Melbourne based far-right and fascist groups the True Blue Crew and the United Patriots Front have teamed up and announced a joint rally “celebrating” the election of Donald Trump to the US presidency, this Sunday at Parliament House (Melbourne).
This rally is the latest in a series of attempts by far-right groups and politicians in Australia to hitch a ride on the Trump bandwagon.
Last Tuesday, as the US presidential election results began to indicate a possible Trump victory, Pauline Hanson jumped to be the first to “congratulate President Trump”. She cracked a bottle of champagne for the cameras outside Parliament House and announced that if Trump were an Australian, she had no doubt he would join One Nation.
South Australian bigot and Senator, Cory Bernardi, has gone further, posting pictures of himself on Twitter wearing a Trump-esque peak-cap emblazoned with the slogan “Make Australia Great Again”.
For the likes of Christensen and Bernardi, the election of Trump offers an opportunity to drive Australian politics further to the right. To their eyes, the election of Trump proves the existence of a more explicitly racist “discontented” mass; a constituency whose “discontent” who can be harnessed to advance the cause of their brand of “conservative” politics.
Yesterday. Bernardi re-tweeted a comment by Rita Panahi that doubtless reflects their point of view:
“There’s never been a better time for disaffected conservatives to take the Liberal Party back from the hopeless bedwetters who are spooked by gallery chatter and Twitter storms.”
The hard-right of the Liberal Party aren’t the only force racing to relate to the potential constituency that is supposedly represented by Trump, One Nation and Brexit abroad.
The Guardian reports that the ALP’s Jim Chalmers will today give a speech calling on his party to do more to relate to people drawn to Hansonism in Australia (which is apparently interchangeable for Trump in the US and Brexit in the UK).
Labor frontbencher Jim Chalmers will launch a plea for Australian politicians to engage with the group of voters “trampled” by the impact of globalisation and technological change – arguing Hillary Clinton may have lost the US election when she branded Trump supporters a “basket of deplorables”.
There is something darkly ironic about this when we consider that since 1983 the ALP has probably done more than any other party to bring about the impacts of “globalisation and technological change” in Australia. The ALP, more than the Liberals, gave us “free trade”, industrial relations deregulation, deindustrialization, and ongoing (and increasingly precipitous) decline in trade union density.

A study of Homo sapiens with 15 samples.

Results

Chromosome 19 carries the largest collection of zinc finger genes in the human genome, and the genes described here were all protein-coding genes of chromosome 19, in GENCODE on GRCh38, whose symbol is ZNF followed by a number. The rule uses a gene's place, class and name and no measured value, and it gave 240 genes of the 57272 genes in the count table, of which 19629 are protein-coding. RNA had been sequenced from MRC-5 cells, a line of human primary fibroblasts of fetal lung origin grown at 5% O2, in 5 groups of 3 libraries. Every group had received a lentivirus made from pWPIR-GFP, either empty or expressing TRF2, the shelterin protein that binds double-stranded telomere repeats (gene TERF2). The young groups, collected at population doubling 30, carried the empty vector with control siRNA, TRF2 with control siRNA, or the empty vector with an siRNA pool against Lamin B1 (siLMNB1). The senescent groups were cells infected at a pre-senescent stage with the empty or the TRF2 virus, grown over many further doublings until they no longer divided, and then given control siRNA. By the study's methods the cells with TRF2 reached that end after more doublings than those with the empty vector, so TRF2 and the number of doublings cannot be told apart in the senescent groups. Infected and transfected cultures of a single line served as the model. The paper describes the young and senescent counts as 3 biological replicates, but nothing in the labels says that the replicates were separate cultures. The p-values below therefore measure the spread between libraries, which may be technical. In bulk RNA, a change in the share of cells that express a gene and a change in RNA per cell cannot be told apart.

Militant and independent organised labour is the left’s traditional answer to the growth of right-wing populist politics, but organised labour in Australia has been rendered toothless and ineffective because of it’s ongoing and slavish subservience to the political agenda of the ALP.
The ALP is not capable of realizing that it itself is one of the big factors that has precipitated the decline in organised labour, and that it acts a barrier to an effective organised response to the rise of Hansonism.
If the ALP tries to relate to ‘this phenomenon’, it will likely do so by shifting further to the right.
In light of all of this, Left Flank’s article’s on anti-politics are worth a re-read. All manner of political forces are competing to re-incorporate a growing constituency of discontent with “politics as usual”. I see no reason that these efforts should be accommodated or supported. Also worth re-reading is London AFA’s Filling the Vacuum.
Getting back to Melbourne’s far-right, the TBC, UPF and other fascists have also recognized the opportunity that Hanson and Trump offer.
After some initial successes in 2015, these groups have recently been struggling to reach an audience outside their existing networks. A recent anti-refugee rally in Eltham was meant to drew between 70 and 100 people, with few participating from the community that was targeted.
The proposed Donald Trump celebration is already significantly more successful. The Facebook event records 1600 either interested or attending, and a review of the guest list indicates that the participants are not simply the usual fascist suspects.
The longer term challenge for anti-racists is to build an anti-racist movement capable of pushing back against the state and capital as well as specific racist manifestations. In the short term however, there is a fascist rally in Melbourne that needs to be opposed.